Published: Sun, August 04, 2019
World Media | By Shelia Harmon

Saudi Arabia allows women to travel without male 'guardian' approval

Saudi Arabia allows women to travel without male 'guardian' approval

She, and other key rights trailblazers, entered their second year behind bars this summer.

The changes got mixed reviews on social media, with the kingdom's ambassador to the United States tweeting that she was elated.

Sarah Leah Whitson, Executive Director of the Middle East and North Africa division at Human Rights Watch, tweeted about the topic: "Saudi has promised to end the guardianship system over the past decade at least a few times at the UN Human Rights Council sessions".

Some also denounced the change as "un-Islamic" in a society that traditionally sees men as protectors of women.

An amendment signed by the Saudi Cabinet this week overturns a controversial regulation requiring Saudi women to first gain approval from a male guardian-typically a husband, father, brother or son-before applying for and receiving a passport. The women, among them Loujain al-Hathloul, are facing trial and allege they were tortured in prison.

In a statement, she said she wanted to "make clear my support for the rights of women, the LGBTQ community and freedom of expression".

Women who marry a foreigner can not pass citizenship onto their children.

"We are a Muslim community not a Western one, may God keep our daughters safe from all evils", said Sarah, a Saudi woman in her late 40s who declined to give her surname.

The report noted that Crown Prince Mohammed bin Salman is engaging in policies that would loosen social restrictions relating to his economic transformation plan for Saudi Arabia.

The amendments also state that all Saudis "are equal in the right to work" regardless of sex, age or other criteria, and that employers are barred from firing women in their employ or threatening to do so during pregnancy or maternity leave, as long as the women are not absent for a cumulative period of six months of a year.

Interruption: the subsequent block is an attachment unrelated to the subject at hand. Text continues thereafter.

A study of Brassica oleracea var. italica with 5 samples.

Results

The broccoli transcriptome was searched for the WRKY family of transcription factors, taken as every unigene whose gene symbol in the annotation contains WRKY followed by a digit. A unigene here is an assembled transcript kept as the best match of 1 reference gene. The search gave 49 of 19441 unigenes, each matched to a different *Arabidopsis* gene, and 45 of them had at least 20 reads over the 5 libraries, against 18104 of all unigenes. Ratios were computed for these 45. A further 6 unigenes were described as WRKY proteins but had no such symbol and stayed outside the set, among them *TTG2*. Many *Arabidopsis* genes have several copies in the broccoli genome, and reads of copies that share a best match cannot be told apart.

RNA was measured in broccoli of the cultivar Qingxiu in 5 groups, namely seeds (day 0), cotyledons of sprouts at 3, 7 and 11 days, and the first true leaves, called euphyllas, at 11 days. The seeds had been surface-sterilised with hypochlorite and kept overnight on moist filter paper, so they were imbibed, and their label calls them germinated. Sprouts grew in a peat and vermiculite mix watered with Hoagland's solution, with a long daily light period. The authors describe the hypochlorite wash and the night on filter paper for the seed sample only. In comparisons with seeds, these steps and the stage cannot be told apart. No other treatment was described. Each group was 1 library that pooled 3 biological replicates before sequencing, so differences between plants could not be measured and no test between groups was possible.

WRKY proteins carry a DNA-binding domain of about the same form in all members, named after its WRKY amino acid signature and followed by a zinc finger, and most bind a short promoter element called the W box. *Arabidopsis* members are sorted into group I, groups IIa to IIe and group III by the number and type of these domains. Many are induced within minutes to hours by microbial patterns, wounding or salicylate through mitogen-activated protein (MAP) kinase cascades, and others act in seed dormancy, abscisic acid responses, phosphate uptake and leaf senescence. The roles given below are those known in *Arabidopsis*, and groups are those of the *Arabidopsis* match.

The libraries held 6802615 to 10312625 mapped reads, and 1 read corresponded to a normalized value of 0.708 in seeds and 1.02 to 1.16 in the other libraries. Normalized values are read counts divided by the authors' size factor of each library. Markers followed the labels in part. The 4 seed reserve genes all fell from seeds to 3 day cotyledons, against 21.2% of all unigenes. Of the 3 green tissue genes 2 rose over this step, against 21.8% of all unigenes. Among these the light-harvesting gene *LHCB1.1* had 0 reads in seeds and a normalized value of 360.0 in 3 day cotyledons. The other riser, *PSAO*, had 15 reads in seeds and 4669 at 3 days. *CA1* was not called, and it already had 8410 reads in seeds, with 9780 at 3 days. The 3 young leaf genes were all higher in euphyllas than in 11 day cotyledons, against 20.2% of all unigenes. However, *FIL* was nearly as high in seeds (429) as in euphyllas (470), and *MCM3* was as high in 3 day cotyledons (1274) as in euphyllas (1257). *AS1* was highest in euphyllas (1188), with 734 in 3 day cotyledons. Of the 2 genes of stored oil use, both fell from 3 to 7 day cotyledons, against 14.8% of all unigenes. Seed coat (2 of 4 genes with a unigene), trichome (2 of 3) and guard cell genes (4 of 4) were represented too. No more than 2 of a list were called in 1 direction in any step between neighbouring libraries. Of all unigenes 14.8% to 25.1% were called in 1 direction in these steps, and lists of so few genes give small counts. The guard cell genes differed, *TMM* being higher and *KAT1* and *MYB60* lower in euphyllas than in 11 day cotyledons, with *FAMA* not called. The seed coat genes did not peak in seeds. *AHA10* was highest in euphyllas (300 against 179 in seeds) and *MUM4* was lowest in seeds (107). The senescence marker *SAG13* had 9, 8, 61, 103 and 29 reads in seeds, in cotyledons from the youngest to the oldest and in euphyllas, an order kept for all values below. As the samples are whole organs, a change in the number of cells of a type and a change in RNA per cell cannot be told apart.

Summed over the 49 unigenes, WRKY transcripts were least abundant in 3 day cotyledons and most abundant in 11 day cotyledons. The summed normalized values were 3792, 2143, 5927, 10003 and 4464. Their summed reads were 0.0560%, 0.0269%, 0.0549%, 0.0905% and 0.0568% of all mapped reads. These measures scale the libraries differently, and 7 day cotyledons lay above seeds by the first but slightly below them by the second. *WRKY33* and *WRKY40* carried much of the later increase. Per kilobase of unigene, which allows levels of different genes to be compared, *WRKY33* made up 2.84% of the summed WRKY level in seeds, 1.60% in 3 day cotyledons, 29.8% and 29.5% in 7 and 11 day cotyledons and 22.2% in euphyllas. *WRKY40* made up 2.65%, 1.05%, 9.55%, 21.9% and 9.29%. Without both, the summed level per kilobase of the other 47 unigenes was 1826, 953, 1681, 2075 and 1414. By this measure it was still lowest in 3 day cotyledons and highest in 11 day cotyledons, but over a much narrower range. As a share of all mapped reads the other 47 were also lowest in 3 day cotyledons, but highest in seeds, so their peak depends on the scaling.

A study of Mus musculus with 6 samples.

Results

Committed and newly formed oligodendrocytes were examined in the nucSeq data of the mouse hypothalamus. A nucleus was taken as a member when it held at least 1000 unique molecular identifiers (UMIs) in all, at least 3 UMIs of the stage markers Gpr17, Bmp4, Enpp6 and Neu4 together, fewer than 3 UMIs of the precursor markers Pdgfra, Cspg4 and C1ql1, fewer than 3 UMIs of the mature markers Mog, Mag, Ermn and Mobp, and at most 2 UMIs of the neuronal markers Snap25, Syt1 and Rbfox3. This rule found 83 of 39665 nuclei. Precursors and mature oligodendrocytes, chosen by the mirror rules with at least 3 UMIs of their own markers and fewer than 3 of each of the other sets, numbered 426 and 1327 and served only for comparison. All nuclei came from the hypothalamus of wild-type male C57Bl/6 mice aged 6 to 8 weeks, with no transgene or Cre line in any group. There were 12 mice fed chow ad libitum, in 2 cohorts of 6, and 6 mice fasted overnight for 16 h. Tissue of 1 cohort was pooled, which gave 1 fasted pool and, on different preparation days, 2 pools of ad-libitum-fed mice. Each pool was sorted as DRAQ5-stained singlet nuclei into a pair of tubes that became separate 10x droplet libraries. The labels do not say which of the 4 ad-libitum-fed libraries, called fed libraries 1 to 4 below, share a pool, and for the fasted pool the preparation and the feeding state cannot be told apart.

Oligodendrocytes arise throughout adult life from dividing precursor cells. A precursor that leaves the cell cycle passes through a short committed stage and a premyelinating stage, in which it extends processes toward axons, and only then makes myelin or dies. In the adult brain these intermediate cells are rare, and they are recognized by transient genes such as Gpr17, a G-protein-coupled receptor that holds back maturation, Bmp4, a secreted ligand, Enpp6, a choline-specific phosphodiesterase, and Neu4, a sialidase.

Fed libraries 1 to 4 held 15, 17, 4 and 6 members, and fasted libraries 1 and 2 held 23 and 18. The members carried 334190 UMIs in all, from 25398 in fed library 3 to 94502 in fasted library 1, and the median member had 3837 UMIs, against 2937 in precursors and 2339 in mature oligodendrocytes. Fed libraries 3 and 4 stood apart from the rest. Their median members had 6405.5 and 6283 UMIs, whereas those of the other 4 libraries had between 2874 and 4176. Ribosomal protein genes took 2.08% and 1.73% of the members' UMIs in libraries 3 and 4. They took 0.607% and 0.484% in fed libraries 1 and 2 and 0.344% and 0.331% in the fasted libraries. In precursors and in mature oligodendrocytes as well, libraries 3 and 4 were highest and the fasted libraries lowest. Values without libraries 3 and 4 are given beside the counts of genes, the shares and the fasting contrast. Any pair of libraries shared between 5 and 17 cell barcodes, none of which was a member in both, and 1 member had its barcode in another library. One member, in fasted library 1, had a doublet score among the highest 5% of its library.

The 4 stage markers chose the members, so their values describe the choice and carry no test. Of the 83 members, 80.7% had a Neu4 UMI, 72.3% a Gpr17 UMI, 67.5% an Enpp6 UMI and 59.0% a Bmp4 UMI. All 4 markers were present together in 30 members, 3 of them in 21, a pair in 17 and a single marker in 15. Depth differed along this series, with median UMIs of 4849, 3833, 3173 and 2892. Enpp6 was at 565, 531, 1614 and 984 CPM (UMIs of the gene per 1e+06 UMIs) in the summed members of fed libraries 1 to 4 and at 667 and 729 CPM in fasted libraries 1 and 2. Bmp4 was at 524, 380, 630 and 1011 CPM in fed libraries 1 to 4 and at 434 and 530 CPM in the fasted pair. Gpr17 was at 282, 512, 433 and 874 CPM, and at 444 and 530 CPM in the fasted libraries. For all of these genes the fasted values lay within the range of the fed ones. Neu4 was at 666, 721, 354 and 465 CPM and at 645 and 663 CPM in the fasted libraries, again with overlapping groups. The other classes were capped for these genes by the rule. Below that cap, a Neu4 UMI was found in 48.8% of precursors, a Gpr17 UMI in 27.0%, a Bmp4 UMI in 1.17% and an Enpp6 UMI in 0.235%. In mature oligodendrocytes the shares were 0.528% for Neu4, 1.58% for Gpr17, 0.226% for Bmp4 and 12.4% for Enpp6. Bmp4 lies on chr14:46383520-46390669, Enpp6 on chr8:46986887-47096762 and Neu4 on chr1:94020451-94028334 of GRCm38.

The reform program does not, however, envision political change that could in any way challenge the nation's authoritarian governing model.

To leave the country, some Saudi women say they had to hack into their father's phone and change the settings on a government app to allow themselves permission to leave the country.

The reform comes as women have fled the country seeking refugee status elsewhere in order to escape abusive conditions they believed their legal system would not protect them from.

Their requests for asylum have shed an uncomfortable glare on the kingdom's restrictions on women at a time when it is eager to court global investment.

The decision follows the high-profile case in January of Rahaf Mohammed Alqunun, who barricaded herself in a Bangkok hotel room to prevent her family from returning her to Saudi Arabia.

Major change is arriving in Saudi Arabia, as the kingdom grants new rights to women.

Saudi women were allowed to drive in 2018.

Riyadh in recent years has opened movie theaters and invited Hollywood entertainers to perform in large-scale concerts for all, and has additionally opened some sectors of work - including air traffic control, passport control and investigators in the public prosecution - of which women were previously barred.